1. Having run a Montessori School for 7 years, I have experienced many 'first days' and I can assure you that it's far worse for mums than for the children. Whatever they do and say to you as you say goodbye, within five minutes they are happily playing with the other children, exploring the new toys and having a great time. It's often only as the day draws to an end and they think about going home that they remember that they miss you. When the teacher says they've had a great day, believe them. Put on your best happy face yourself and find out about all the fun things they've done.
2. Some children find it hard to settle in because they think it's all so different but in their short lives they have experienced many changes or new things and may need a reminder about how well they have coped with say a new sibling, a new pair of shoes, a new friend, a new activity. They will have a strategy such as perhaps, taking it slowly and carefully or expecting it to be fun. Remind your child how much they enjoyed something new and how good they are with new experiences.
3. You are an important factor. Instead of fearing the worst and worrying about it, which they will pick up on, think about what you DO want. Imagine them happily going in, running in to join friends and having a great day. When you visualise a good result it shows in how you are with your child, they sense your positivity and whilst they may not go in enthusiastically, they will have absorbed some of your confidence about what the day will bring. This is called 'towards thinking' and is about what you want and focusing on that, rather than what you don't want. What you focus on is what you get more of.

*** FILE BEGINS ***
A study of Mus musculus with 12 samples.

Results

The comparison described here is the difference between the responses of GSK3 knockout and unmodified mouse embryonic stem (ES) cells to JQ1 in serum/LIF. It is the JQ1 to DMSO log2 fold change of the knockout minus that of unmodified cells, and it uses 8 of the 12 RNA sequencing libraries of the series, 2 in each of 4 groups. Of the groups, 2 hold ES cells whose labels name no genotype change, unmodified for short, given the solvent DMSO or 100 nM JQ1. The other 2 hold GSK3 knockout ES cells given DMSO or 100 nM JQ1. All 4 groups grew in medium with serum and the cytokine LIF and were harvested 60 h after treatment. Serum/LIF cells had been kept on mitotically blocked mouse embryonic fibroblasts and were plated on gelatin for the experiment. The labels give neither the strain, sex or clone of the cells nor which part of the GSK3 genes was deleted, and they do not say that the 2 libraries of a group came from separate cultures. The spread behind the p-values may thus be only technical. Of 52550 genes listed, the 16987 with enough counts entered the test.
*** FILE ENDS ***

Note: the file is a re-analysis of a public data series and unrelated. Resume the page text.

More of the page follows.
4. Teach your child how to anchor a good experience. Ask your child to tell you about some things they've enjoyed, fun activities, toys, books, new friends. Can they think of one nice thing for each day? As they say that thing, ask them to do a 'thumbs up' sign. How many nice things can they think of? Then before they go into school in the morning get them to do this 'thumbs up' sign to remind themselves of the fun things from yesterday.
5. Your child will be either noticing new things (visual) hearing about new things or learning songs, rhymes (auditory) or doing new activities and games (kinaesthetic). Where is their focus? Focus on the visual language with a child who is visual by asking 'I wonder what you'll be looking at today' ask an auditory child 'I wonder what songs you'll be singing today' and for a kinaesthetic child 'I'm wondering what games you'll play today'. The phrase 'I'm wondering' shows you are curious and interested and tends to elicit more from the child than you'll get from a straight question.
I hope this helps. You can find out much more about NLP and parenting in my book 'Be a happier parent with NLP' and there's a useful workbook for your Primary school age child called 'NLP for Children' and for your older child 'NLP for Tweens'.